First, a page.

5G in MENA: a marathon, not a sprint
By Jan Stryjak, GSMA Intelligence
Last week saw analysts, policymakers and industry stakeholders from the Middle East and North Africa (MENA) convened in Dubai for Mobile 360 – MENA. Delegates discussed the opportunities and challenges facing mobile operators and other ecosystem players, and examined how innovative technologies, including 5G, artificial intelligence (AI) and blockchain, are enabling operators and governments to realise their digital ambitions and deliver a socioeconomic impact.
5G is on the horizon but will be a long-term play
The 2018 Mobile 360 – MENA was the sixth iteration of the event and the first as a standalone two-day conference. 5G really came to the fore this year and understandably so given the hype surrounding this next-generation technology and the significant capex implications it is likely to have. The 5G era is certainly in sight, with all six GCC markets expected to launch 5G mobile services in the next two years. While there was unanimous agreement that 5G represents an opportunity to earn better returns from rapidly growing data traffic in the region, there was also claims that 5G is very much a long-term vision: STC and Etisalat International CEOs Nasser bin Sulaiman Al-Nasser and Hatem Dowidar (respectively) said that the consumer proposition for 5G has yet to fully materialise, and that the return on investment “will take time”.
GSMA Intelligence, as outlined in its ‘The Mobile Economy Middle East and North Africa 2018’ report, expects there to be 18 million 5G connections across these countries by 2025 – 16% of total connections. While this is slightly above the global average, it does represent a significantly slower adoption rate than what was seen in these markets with 4G. In fact, herein lies the issue: affordable and high-speed 4G is widely available across the Middle East. Therefore, an initial use case for 5G – enhanced mobile broadband (eMBB) – will not be so attractive given consumers can get everything they really need over 4G networks. Having said that, as discussed at Mobile 360 – MENA (and within another GSMA Intelligence report – ‘5G in MENA: GCC operators set for global leadership’), 5G-based fixed wireless will also be an early use case for 5G around the GCC, allowing operators to expand their high-speed broadband offerings beyond their existing fixed line coverage, in some cases being a stopgap until fibre is rolled out. Alternatively, it could complement fibre broadband services in congested urban areas where that network is completely utilised.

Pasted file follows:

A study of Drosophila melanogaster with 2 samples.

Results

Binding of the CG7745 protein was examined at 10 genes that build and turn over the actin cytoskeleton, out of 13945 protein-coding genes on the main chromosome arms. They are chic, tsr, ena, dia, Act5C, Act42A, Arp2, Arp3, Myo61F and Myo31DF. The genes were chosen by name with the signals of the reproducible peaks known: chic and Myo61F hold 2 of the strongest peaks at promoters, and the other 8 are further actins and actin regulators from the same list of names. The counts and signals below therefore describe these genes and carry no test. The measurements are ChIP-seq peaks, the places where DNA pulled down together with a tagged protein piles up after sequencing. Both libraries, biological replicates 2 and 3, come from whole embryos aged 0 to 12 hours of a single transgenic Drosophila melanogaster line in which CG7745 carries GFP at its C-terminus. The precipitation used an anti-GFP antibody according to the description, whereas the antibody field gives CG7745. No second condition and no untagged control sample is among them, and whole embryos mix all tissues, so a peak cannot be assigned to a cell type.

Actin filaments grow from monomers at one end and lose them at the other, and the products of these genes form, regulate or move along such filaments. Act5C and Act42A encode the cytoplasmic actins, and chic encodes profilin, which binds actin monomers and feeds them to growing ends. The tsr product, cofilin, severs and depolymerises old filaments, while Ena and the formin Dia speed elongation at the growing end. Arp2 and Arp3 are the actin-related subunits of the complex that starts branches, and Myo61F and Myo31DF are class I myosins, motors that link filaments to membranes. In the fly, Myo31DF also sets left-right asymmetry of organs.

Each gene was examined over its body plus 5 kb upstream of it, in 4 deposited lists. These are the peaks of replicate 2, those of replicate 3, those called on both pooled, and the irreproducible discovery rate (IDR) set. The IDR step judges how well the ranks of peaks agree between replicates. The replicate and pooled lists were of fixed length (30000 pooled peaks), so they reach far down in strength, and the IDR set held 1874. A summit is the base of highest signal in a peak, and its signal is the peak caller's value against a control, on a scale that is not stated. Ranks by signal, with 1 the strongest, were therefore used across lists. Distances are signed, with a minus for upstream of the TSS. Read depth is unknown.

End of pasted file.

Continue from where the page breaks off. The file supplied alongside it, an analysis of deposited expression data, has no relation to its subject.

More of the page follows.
Regulators urged to take a back seat on 5G
Numerous sessions at the event focussed on the regulatory approaches necessary to drive progress in the 5G era. Etisalat’s chief legal and regulatory affairs officer Kamal Shehadi said policy makers should take “their foot off the brake” and allow the ecosystem to develop, intervening only when necessary. Meanwhile, Homoud Alkussayer, VP of governance and regulatory affairs at STC, said there was an opportunity for regulators to think about market development, while reducing taxation and royalty payments to support operators in the long term. Alkussayer added regulators are now more vital than ever, but concurred with Shehadi that there was a big need to align policy with what is required in the market.
One key area of discussion was spectrum, with warnings that 5G faces becoming an expensive failure without the availability of affordable spectrum, particularly high-band frequencies. Chafic Traboulsi, head of networks at Ericsson Middle East and Africa, said that if the correct spectrum bands – particular the higher mmWave frequencies – are not made available for the service providers, then 5G “will be a flop”. Traboulsi also highlighted other challenges on the road to 5G, including ensuring operators protect their existing 4G network investment which, he claimed, will support the majority of mobile traffic for the next few years.
Despite these concerns, there was an air of optimism at the event, and a message that was repeated throughout was that the industry is prepared. Various speakers said that the technology and standards for 5G are ready; it is now just a question of how to make money out of it.